Utah Governor Gary R. Herbert has weathered a tumultuous second term in office with a well-earned reputation for sound leadership. He has navigated the ship of state through a perilous economic recession and, importantly, helped to moderate his party's more extreme factions. Utah would be well served with Herbert at the helm for another four years.

That is not to say that all of his policies sit well with a majority of Summit County residents, many of whom are justifiably disappointed in Herbert's stands on public lands and environmental conservation. Nevertheless, the governor has convinced us that he is willing to listen to all stakeholders and, if he is re-elected, we intend to hold him to that promise.

His Democratic opponent, Peter Cooke, has mounted a spirited campaign that has been especially critical of the governor's apparent coziness with special interests and his failure to head off problems like the mismanagement of the Division of Alcohol and Beverage Control and the Utah Medicaid data breach.

Cooke's concerns are valid and he does the public a service by demanding the governor's response on those issues. In doing so, he epitomizes the definition of the loyal opposition, whose criticism is constructive and rooted in a desire to serve the state's best interests. But Cooke's relentless emphasis on criticism of the governor's office and the legislature would likely make it difficult to form the coalitions needed to move the dominant party toward Park City's and Summit County's more liberal positions.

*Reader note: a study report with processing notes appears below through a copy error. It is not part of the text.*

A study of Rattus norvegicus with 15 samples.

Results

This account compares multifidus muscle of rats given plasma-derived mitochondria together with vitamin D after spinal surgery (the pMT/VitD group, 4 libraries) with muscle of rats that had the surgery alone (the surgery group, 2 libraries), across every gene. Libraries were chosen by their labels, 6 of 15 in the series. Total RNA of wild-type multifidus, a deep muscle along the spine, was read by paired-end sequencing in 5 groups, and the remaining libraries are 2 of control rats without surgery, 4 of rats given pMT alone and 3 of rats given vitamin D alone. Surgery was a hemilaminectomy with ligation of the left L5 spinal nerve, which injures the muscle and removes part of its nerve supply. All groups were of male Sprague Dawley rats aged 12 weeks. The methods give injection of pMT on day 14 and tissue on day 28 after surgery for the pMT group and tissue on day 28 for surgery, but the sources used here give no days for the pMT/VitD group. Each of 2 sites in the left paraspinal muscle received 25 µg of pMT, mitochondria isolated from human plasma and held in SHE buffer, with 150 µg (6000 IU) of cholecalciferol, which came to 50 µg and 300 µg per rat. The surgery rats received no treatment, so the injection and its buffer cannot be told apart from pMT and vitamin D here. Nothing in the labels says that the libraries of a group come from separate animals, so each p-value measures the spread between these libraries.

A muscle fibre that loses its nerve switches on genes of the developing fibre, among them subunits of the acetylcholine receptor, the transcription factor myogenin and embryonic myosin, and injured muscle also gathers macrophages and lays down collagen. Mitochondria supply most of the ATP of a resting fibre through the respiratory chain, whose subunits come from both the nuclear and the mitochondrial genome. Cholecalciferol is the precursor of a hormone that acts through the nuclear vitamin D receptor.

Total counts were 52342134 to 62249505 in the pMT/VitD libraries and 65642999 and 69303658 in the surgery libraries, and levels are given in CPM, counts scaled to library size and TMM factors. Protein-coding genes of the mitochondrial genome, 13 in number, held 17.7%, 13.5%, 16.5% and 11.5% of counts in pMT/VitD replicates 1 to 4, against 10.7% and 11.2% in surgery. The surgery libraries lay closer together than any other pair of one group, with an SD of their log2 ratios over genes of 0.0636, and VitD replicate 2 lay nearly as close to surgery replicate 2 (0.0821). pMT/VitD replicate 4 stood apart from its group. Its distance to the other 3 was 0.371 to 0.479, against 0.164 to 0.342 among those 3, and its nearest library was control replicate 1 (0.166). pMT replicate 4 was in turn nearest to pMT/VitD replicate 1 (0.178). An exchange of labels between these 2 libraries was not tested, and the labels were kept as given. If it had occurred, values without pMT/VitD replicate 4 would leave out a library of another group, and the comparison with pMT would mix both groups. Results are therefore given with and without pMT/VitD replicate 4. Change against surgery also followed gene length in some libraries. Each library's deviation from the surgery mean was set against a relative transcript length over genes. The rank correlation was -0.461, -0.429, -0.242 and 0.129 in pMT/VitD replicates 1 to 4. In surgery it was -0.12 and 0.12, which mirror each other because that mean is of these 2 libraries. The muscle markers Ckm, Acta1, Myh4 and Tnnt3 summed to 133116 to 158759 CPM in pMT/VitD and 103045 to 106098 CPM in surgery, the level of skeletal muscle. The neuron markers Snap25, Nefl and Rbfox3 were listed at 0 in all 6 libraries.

In lieu of hiring Cooke as a permanent watchdog, the best way to ensure transparency and accountability in the governor's office and the legislature is for voters to elect a Democratic attorney general. Fortunately there is a strong candidate on the Democratic side of the ticket, Dee W. Smith.

Smith whose credentials as a prosecutor cement his support for law enforcement, has also expressed his reluctance to use the position to push "message lawsuits." Specifically, Smith said he opposes efforts to sue the federal government. That could help put the brakes on House Bill 148, the Transfer of Lands Act, a measure that could jeopardize the future of more than 20 million acres of federally controlled land.

Smith's opponent, John Swallow, on the other hand, is hell bent on pursuing the right wing's agenda, by any means necessary. He supports the misguided land grab, which many of the legislature's own advisors say will likely be deemed unconstitutional, and he wants to overturn the federal Affordable Health Care Act.

As expected, that stance plays well with the national conservative PACs and he has been well rewarded by them with campaign contributions. Swallow received a quarter of a million dollars from the Washington, D.C.-based Republican State Leadership Committee. comparison, Smith has raised less than half a million dollars all told.

This is just one of many reasons not to vote a straight ticket. As Summit County voters go to the polls next week and on Nov. 6, we urge them to consider each race individually. There are candidates on both sides of the ticket who have valuable skills to offer.

Early voting continues next week, Monday through Friday, from 10 a.m. to 5 p.m. at the Richins Building at Kimball Junction, the Marsac Building in Park City, Kamas City Hall and the Summit County Courthouse in Coalville.